I knew something was wrong when walking up 10 stairs winded me and left me sweating and needing a break. The young Peruvian woman carrying a a full load of goods to sell up high, who passed me, asked if I was ok, assuming it was the altitude. No, no, I responded. Only a week or two ago, I was at 6,000m. She looked at me dubiously, but passed on.
I pushed thoughts of sickness out of my head – not now, please not now. I am visiting the sacred valley for just two days and then a trek, I thought to myself. I racked my brain for what I could have eaten in the past few days that would make me sick. I tried to think of others around me who were sick. Nothing came to my, no reason why I should be feeling this way. I hadn’t even been eating street food (well, not that much!).
As I reached the top of the hill, I collapsed onto a rock (yeah, it was probably sacred, but I really needed a place to sit at that moment), coated in sweat and shaking slightly. What was wrong? What was wrong?! not now, please….
After taking a few pictures (to remind myself I had been there), I made my way down and caught a bus to Ollanta, the town where I planned to spend the night.
After two bus rides and a conversation with a man on the bus (who told me that my spanish was good — whoa, he must not be used to gringas speaking spanish!) — I clumsily made my way to a hostal. At that point, I was ready to collapse….
Fortunately, the first hostal had a room at a good price (though I might have paid anything!). Shivering, I crawled into bed with all my clothes on and prayed for sleep. It was 3:30 in the afternoon.
17 hours later, following shivers, sick dreams and worries that I was really sick, I decided I had to get out of bed — at least to make it back to Cusco. I tried a light breakfast, I did see the ruins in Ollanta and I did make it back to Cusco (though I skipped the ruins in Chincero in favor of more rest).
But during those 17 hours, in between worries that I had the flu or worse, giardia, I realized that no one knew where I was at that moment. There I was, sweating it out in Ollanta, feeling like hell, and no one who loved and cared about me knew where I was at that moment. No one was going to come in with chicken noodle soup (which I desperately wanted).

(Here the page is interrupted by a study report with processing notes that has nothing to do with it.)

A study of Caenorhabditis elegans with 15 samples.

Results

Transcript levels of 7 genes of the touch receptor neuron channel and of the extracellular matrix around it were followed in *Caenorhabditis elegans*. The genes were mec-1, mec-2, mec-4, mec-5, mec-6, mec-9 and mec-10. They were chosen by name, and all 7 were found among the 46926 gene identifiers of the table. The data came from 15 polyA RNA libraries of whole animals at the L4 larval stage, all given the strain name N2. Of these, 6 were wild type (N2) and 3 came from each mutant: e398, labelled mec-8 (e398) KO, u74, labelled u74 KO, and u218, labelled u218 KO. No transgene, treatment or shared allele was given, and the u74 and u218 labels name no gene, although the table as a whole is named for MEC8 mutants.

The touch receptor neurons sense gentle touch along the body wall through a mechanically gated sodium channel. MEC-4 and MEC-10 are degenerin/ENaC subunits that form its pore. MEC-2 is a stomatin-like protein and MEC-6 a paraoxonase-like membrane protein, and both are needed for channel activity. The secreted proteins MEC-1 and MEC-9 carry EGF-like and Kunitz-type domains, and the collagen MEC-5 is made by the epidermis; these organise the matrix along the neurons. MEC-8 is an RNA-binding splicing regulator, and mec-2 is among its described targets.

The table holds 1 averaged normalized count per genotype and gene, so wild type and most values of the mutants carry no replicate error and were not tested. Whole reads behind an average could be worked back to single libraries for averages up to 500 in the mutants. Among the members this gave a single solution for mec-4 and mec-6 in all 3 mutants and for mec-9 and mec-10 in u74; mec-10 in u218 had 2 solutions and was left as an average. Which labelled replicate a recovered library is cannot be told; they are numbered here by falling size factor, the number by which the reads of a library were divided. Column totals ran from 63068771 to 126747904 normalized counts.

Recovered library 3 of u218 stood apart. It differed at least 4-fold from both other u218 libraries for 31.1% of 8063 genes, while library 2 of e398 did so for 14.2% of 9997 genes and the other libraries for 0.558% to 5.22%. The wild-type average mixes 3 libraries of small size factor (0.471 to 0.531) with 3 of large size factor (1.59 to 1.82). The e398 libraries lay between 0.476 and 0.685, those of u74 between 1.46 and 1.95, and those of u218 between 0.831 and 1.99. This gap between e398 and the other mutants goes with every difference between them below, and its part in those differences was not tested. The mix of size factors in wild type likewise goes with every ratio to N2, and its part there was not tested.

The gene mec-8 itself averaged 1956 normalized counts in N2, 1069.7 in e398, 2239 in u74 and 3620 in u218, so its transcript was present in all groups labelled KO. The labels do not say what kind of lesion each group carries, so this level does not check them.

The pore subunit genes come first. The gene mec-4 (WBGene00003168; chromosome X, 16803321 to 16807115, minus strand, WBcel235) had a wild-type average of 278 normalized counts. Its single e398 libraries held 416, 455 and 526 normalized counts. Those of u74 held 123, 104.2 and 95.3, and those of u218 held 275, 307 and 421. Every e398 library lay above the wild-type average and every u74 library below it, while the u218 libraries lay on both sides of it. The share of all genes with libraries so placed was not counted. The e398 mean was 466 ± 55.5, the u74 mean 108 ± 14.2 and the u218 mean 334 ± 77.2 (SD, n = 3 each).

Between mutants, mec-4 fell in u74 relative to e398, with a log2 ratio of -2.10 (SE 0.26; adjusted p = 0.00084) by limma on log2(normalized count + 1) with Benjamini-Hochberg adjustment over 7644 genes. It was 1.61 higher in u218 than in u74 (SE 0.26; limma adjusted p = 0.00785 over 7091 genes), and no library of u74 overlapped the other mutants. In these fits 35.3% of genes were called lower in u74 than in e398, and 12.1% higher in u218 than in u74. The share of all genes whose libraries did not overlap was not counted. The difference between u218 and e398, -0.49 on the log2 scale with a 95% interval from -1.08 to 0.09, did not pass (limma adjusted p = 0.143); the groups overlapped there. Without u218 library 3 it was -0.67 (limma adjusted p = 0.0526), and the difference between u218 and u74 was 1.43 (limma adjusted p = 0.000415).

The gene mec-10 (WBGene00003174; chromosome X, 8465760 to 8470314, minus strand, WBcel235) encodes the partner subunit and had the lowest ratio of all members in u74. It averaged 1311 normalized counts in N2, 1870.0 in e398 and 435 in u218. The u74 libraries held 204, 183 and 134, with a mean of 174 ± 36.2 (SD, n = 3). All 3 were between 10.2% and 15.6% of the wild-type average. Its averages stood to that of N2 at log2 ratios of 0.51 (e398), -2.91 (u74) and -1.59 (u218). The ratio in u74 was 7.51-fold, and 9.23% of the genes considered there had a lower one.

I have lived on my own for a number of years. I have traveled, I have been independent (fiercely so at times), I have taken care of myself. But, for the most part, people have known where I am. People can get in touch with me. I can get in touch with people. I might live alone, but I am not alone.
Traveling solo, I have had a few moments like this — when I am acutely aware of how alone I am. I love traveling solo. I love the freedom of choosing where I want to go, when I want to go, how I want to go. Traveling solo has given me the freedom to talk to strangers, to meet people and share dinner. And also the time to spend with myself, to get a sense of what I want and where I am going (more on that in a week or so….).
But, there have also been these other moments, when I am sick or tired or scared…. when I feel utterly and totally alone. When I cannot (due to lack of connectivity or sickness or distance) reach out to others around me. Those are the tough moments. Fortunately, there have only been a few of those. But after I recover (which I seem to have now — fever and pain free!), I am always so happy to connect with friends and family — I have new appreciation for those connections.
I have not always made people my thing, opting for skiing or climbing, hiking or travel — by myself if need be, in order to get out and go! But, one of the big lessons on this journey for me, has been to start making people my thing. To start opening my world to those around me and, maybe not less to the things I want to do, but more sharing in the things I want to do. Being in that room, 17 hours of utterly-alone-time, I know that I do not want that.
So, here’s to Inca ruins and traveling solo and making people my thing!
and special thanks to C.P. for reminding me of that!